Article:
TORONTO -- Brett Lawrie's season came to an end after the third baseman fractured his right middle finger on Wednesday afternoon.

Lawrie suffered the injury while fielding ground balls prior to Wednesday night's game against the Angels. The ball took a bad bounce on the Rogers Centre Astroturf and hit Lawrie's bare hand.

The native of Langley, British Columbia, went for X-rays, which revealed the non-displaced fracture and resulted in him being placed on the 15-day disabled list.

"I was turning double plays, my top hand was down just to kind of guide the ball in, and the ball kind of took a funny hop at the last second," Lawrie said. "It kind of jumped in, when my hand was fully stiff, and it kind of just jammed my middle finger."

Blue Jays manager John Farrell estimated that the recovery time will be approximately four-to-six weeks. It's not expected to cause any delay to Lawrie's offseason schedule, as players typically use a similar time frame to recuperate from the long season.

It's the second time this year Lawrie suffered a broken bone in one of his hands. In early June, while still playing for Triple-A Las Vegas, Lawrie suffered a fractured left hand when he was hit by a pitch.

The pain and swelling isn't nearly as bad this time around, and the X-ray results caught him by surprise.

"I didn't think anything of it, and then we put it under the X-ray machine and sure enough there was something in there," Lawrie said. "I didn't really think there was going to be, just because I had hurt my hand a little while ago when I hit it on the roof of the dugout, and it kind of felt the same. But I guess, obviously not."

The 21-year-old Lawrie was originally listed in Toronto's lineup for Wednesday night. The late scratch caused Edwin Encarnacion to move from designated hitter to third base while David Cooper was inserted into the lineup at DH.

Lawrie finished his rookie campaign with a .293 average, nine home runs and 25 RBIs in 43 games.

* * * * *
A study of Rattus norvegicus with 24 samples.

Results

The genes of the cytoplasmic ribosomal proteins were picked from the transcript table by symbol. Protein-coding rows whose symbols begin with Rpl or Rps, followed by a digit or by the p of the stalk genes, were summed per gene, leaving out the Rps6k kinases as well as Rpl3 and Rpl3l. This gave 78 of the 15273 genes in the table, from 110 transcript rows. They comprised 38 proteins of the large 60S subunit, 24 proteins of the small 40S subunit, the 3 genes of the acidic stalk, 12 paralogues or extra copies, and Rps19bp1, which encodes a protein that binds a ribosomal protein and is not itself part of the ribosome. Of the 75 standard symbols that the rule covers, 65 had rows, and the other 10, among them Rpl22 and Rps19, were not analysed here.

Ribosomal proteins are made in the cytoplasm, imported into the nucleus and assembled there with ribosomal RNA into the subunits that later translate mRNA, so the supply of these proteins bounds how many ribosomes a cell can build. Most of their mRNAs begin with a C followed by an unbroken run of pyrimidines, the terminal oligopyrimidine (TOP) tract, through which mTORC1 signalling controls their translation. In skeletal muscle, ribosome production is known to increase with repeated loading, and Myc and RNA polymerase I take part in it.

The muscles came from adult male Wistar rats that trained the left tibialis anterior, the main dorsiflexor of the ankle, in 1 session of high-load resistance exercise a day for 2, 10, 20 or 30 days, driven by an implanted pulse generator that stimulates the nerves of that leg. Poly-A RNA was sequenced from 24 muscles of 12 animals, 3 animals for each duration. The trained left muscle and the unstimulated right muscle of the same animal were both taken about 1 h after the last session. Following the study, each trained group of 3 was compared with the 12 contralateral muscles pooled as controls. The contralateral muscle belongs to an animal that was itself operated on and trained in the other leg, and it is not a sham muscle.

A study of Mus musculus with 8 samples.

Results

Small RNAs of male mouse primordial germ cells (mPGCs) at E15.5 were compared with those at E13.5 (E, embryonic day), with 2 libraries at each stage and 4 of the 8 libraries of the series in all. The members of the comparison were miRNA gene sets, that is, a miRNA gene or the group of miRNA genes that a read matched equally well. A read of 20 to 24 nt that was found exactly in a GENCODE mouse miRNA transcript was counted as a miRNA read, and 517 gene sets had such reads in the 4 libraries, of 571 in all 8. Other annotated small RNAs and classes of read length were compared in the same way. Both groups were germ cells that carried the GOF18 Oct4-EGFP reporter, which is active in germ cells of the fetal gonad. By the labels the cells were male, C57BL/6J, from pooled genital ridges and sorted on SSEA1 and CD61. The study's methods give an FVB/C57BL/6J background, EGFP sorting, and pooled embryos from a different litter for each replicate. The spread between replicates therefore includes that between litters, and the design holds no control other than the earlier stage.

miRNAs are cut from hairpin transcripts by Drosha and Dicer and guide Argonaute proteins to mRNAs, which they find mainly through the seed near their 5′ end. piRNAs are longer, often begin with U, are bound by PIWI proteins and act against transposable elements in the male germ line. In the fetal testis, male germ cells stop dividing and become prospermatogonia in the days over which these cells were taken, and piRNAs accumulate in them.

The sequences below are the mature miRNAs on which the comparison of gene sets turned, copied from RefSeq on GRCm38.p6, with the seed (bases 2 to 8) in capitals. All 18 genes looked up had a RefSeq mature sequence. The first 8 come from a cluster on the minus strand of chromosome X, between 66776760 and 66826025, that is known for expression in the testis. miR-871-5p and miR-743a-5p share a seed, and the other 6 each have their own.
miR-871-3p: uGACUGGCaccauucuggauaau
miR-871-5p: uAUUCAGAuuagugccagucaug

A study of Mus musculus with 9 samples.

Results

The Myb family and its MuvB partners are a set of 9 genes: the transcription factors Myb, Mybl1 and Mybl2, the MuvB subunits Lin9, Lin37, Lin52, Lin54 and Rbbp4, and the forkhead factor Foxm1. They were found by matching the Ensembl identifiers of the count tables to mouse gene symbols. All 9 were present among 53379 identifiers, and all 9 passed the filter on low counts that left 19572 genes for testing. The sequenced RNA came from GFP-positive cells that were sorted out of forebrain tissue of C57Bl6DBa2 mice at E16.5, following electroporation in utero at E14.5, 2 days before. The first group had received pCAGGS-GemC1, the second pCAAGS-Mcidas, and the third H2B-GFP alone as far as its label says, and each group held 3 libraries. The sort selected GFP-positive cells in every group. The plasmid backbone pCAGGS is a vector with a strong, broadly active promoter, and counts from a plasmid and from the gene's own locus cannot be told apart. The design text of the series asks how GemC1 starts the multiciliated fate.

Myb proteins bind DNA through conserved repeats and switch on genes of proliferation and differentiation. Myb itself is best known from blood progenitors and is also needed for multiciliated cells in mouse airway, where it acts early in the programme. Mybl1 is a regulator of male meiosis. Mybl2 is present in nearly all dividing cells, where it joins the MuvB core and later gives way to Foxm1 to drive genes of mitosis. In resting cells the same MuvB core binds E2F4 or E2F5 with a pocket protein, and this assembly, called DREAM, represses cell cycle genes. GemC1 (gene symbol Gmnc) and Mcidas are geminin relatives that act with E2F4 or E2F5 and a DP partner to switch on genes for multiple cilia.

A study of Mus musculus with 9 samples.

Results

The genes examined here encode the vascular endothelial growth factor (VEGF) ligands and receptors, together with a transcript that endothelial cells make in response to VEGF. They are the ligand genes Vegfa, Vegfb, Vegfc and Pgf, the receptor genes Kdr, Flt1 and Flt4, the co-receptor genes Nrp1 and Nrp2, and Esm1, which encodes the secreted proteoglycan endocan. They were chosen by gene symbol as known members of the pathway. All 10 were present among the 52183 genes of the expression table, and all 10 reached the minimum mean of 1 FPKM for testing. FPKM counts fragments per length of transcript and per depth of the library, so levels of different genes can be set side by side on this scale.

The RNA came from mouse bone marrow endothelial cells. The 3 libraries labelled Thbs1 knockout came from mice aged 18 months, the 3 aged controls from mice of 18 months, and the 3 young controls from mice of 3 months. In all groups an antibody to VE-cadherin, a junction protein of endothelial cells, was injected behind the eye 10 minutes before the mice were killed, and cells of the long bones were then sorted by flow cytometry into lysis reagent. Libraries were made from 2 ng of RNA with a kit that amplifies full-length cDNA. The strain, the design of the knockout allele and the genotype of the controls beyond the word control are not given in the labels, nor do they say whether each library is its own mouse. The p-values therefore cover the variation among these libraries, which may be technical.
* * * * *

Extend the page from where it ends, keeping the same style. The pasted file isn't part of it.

Carreno impressing out of 'pen since callup

TORONTO -- Right-hander Joel Carreno is one of the late-season callups that has caught the attention of Blue Jays manager John Farrell.

Carreno has allowed just two earned runs in 13 2/3 innings out of the bullpen since his promotion in late August. His ability to throw strikes and attack hitters from both sides of the plate has resulted in the early success.

September is usually the time for teams that aren't in contention for a playoff spot to evaluate what type of young talent they have. Carreno's abilities on the mound have helped him make a case for being in Toronto's plans in 2012 and beyond.

"The guy that continues to impress is Carreno," Farrell said. "Not just with the numbers he's got, but his poise, his confidence, his looseness on the mound. He has done an excellent job for the time that he has been here.

"He's got good life to his fastball. It's average Major League velocity, but it's above average movement."

Carreno has used an effective slider to limit the opposition. Right-handers are batting .179 (5-for-28) against him this season, and while lefties are batting .273 (6-for-22), they have just one extra-base hit in eight games.

The 24-year-old came up through the Minor League system as a starting pitcher, but so far he has pitched exclusively out of the bullpen in Toronto. Farrell didn't rule out a possible switch back to a starting role in future years, but for now he likes what the Dominican native has been able to accomplish as a reliever.

"He's excelled in the role that he's in," Farrell said. "I know it's a short look, it's a small sample size, however you want to describe it. But there's a very successful path that pitchers have transitioned to the big leagues through the bullpen, and then have moved into the rotation from that point forward.

"Don't want to ever limit the potential of him going back into that role, but I think just for the time being we'll not look to disrupt anything that has been very positive for him at the moment."

Farrell has no plans to alter rotation

TORONTO -- The Blue Jays do not expect to make any changes to their starting rotation before the end of the season.

Last year, Toronto was forced to shut down right-hander Brandon Morrow in September because of an innings limit. The same situation doesn't apply this year, as everyone is on pace to close out the season and make their final starts.

"There isn't any innings threshold that we're knocking at the door at, that we're going to intentionally pull a guy out of his start," Blue Jays manager John Farrell said. "If something happens between now and this next time through, these next five days, we may look to alter that. But at this point, we're looking to stay as is."

Right-hander Kyle Drabek would be the first option if a starter suffers an injury in the final week of the season. Drabek began the year in the rotation but was eventually sent down to Triple-A Las Vegas after some early-season struggles.

Drabek returned to the club on Sept. 5 and has been pitching out of the bullpen. He had two positive outings before hitting a bit of a wall on Tuesday night against the Angels. The 23-year-old allowed six runs in three innings, but Farrell said there will still be more opportunities heading his way.

"Leaving on a positive note is what our goal was with September," Farrell said. "He's going to get more opportunities, he's going to go back out there. Yeah, the first inning last night was not a good one for him, but we also don't just look back at the first two appearances where he threw the ball well."